Why we went for a helmet

It’s a common scenario for a new mom out in public — a grandmotherly woman approaches you to ooh and ahh over your baby, usually commenting, “It goes so fast!” 

On the day in question for me, I was out with my 6-month-old son at the grocery store, fielding the usual comments from a friendly older woman. “What a sweetheart!” she said as Felix gave her a goofy smile. Then she gazed at me with a serious look: “Does he have seizures?” 

These are the moments I dread. 

No, my son doesn’t have seizures — he has a massive flat spot on the back of his head and the helmet is designed to correct it. No, there’s nothing “wrong” with him; my husband and I simply decided to encase our baby’s head in a helmet for 23 out of 24 hours a day in an effort to make his skull more aesthetically pleasing. 

In other words, it’s just cosmetic. We’re doing our best to make sure our child conforms to cultural norms about head shape and therefore, uphold mainstream standards of beauty.  

As you might have gathered, I have mixed feelings about the helmet. 

What’s plagiocephaly?

For readers who might not be familiar, the helmets I’m talking about are orthotic devices designed to help reshape an infant’s head by directing cranial growth. They’re used to treat plagiocephaly (a.k.a. “flat-head syndrome”), a condition characterized by the flattening of one side of the skull and brachycephaly (a wide head shape with a flattening across the entire back of the head).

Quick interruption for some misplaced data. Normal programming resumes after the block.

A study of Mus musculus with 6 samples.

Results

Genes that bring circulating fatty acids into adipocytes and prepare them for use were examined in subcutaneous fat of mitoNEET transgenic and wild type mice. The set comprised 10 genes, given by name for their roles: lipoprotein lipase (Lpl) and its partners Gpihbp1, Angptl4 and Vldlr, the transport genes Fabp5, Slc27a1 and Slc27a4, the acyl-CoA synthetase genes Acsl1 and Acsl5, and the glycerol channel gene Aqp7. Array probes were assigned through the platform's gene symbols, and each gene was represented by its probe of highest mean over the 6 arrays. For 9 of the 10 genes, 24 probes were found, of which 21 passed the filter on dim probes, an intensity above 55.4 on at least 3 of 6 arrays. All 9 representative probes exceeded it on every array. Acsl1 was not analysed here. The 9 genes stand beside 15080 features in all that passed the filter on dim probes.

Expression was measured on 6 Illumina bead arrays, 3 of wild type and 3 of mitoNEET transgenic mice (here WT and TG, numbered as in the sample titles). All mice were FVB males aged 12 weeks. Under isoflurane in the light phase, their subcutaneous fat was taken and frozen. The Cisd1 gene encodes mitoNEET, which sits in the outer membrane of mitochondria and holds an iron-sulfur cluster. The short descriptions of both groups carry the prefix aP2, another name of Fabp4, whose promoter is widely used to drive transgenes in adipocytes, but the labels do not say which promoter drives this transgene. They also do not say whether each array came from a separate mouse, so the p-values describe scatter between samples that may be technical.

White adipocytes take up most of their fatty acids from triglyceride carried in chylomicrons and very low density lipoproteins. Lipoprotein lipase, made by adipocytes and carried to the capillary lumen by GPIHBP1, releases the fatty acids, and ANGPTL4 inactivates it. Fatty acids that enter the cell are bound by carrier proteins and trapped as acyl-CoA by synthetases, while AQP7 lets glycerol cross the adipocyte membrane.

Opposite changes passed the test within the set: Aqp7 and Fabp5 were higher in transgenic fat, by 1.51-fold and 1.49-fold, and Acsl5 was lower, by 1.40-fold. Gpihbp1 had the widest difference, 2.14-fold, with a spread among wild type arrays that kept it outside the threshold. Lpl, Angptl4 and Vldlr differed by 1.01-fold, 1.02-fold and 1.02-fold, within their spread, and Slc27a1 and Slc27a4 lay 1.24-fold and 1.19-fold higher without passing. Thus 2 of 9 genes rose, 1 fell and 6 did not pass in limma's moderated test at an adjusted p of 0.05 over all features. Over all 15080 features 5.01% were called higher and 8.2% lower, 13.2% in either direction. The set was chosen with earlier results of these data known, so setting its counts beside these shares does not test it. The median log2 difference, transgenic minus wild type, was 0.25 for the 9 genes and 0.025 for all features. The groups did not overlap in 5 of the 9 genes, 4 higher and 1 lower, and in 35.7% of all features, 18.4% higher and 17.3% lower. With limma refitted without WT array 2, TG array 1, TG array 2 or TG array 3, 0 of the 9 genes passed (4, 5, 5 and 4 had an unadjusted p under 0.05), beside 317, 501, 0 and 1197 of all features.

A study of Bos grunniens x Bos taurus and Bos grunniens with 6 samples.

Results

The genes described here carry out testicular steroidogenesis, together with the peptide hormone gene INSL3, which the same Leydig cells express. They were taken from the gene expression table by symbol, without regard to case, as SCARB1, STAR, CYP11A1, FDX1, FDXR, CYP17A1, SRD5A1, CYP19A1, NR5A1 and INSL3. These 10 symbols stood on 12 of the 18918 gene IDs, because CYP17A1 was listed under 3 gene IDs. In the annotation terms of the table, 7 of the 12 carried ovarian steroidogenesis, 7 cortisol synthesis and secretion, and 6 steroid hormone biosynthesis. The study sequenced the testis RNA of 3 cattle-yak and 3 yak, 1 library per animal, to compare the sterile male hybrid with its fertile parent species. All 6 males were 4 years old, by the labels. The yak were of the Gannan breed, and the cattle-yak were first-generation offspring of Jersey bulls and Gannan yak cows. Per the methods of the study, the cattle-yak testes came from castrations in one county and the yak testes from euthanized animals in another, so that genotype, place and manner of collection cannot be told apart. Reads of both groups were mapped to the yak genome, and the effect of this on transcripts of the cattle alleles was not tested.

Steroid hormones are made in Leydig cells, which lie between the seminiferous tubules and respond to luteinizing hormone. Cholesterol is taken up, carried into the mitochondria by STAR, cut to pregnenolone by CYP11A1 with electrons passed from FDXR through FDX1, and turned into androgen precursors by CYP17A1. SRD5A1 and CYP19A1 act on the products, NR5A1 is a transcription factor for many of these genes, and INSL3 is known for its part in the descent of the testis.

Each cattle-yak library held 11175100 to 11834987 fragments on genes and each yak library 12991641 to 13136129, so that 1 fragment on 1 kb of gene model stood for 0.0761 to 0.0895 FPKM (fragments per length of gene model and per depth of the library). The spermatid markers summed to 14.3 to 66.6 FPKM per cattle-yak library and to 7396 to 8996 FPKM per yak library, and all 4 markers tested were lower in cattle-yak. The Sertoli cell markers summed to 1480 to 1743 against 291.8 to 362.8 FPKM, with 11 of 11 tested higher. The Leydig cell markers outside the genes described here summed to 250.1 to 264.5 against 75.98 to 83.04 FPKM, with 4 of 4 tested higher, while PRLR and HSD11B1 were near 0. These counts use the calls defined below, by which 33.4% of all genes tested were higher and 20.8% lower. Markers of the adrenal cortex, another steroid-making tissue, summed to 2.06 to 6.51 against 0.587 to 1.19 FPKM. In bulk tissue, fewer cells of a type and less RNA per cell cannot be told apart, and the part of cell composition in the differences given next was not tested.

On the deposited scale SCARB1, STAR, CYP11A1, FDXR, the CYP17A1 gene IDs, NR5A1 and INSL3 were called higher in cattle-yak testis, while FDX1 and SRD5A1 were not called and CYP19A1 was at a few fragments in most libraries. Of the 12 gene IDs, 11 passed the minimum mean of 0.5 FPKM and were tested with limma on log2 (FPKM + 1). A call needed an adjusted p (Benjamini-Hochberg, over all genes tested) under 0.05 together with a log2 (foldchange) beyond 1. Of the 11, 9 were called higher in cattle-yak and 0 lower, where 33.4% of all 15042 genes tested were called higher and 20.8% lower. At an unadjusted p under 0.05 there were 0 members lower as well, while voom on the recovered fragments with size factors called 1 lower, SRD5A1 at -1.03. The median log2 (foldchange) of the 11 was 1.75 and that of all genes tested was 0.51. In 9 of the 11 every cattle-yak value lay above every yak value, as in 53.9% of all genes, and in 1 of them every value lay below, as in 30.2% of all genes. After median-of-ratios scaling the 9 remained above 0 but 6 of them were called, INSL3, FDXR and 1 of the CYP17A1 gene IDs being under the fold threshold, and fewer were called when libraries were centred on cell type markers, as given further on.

I started noticing the flattening on Felix’s head when he was about 2 months old. It wasn’t severe, but it was definitely noticeable. Our pediatrician noticed it, too, and suggested we work on getting him to turn his head to the right more (the flattening was on the left side, at that point). 

Our older daughter, Lydia, had had a similar flattening early on, but it all evened itself out after some basic repositioning (switching the direction we placed her in the crib every time we laid her down, for example). 

We did the same with Felix, and were even more interventionist — slightly elevating the left side of his mattress, for example. I was also diligent about “tummy time” and frequently carried him around in an Ergo carrier. 

But when I took him to the pediatrician a couple months later, the flat spot was still there. She referred me to the plagiocephaly clinic at Children’s Hospital. 

I was wracked with guilt, and felt like such a failure. Isn’t flat-head syndrome just a fancy way of saying I didn’t pick up my baby enough? 

Of course, I consulted Dr. Google before making an appointment. I read countless testimonials from parents who’d done the helmet and had NO REGRETS and would recommend it to anyone. I read about a recent Dutch study that suggests helmets don’t do anything, and that “time heals all wounds” (or flat heads, at least) and that I’d be an idiot to put my baby in a helmet. 

Making our choice

My husband and I ended up meeting with two clinics in town that deal with cranial reshaping helmets. Both of them recommended the helmet, but emphasized that the decision was up to us. 

Ultimately, we decided to go for it. 

Insurance covered a fair amount of the (significant) cost, so we figured it couldn’t hurt. 

Felix’s head is already starting to look more “normal,” but we’ve definitely met with some challenges along the way — like recurrent skin problems on his scalp, forehead and cheeks (a reaction to the helmet) that have resulted in frequent visits to a pediatric dermatologist.

Despite the unsightly rashes, Felix doesn’t seem to be bothered by the helmet at all. 

And although we’ll never know if getting the helmet was the “right” thing to do, part of our job as parents is to make decisions on behalf of our children. 

And if I can do my part to reduce the number of times my son is called a “blockhead” in school, I’ll take the rashes and the judgmental looks at the park.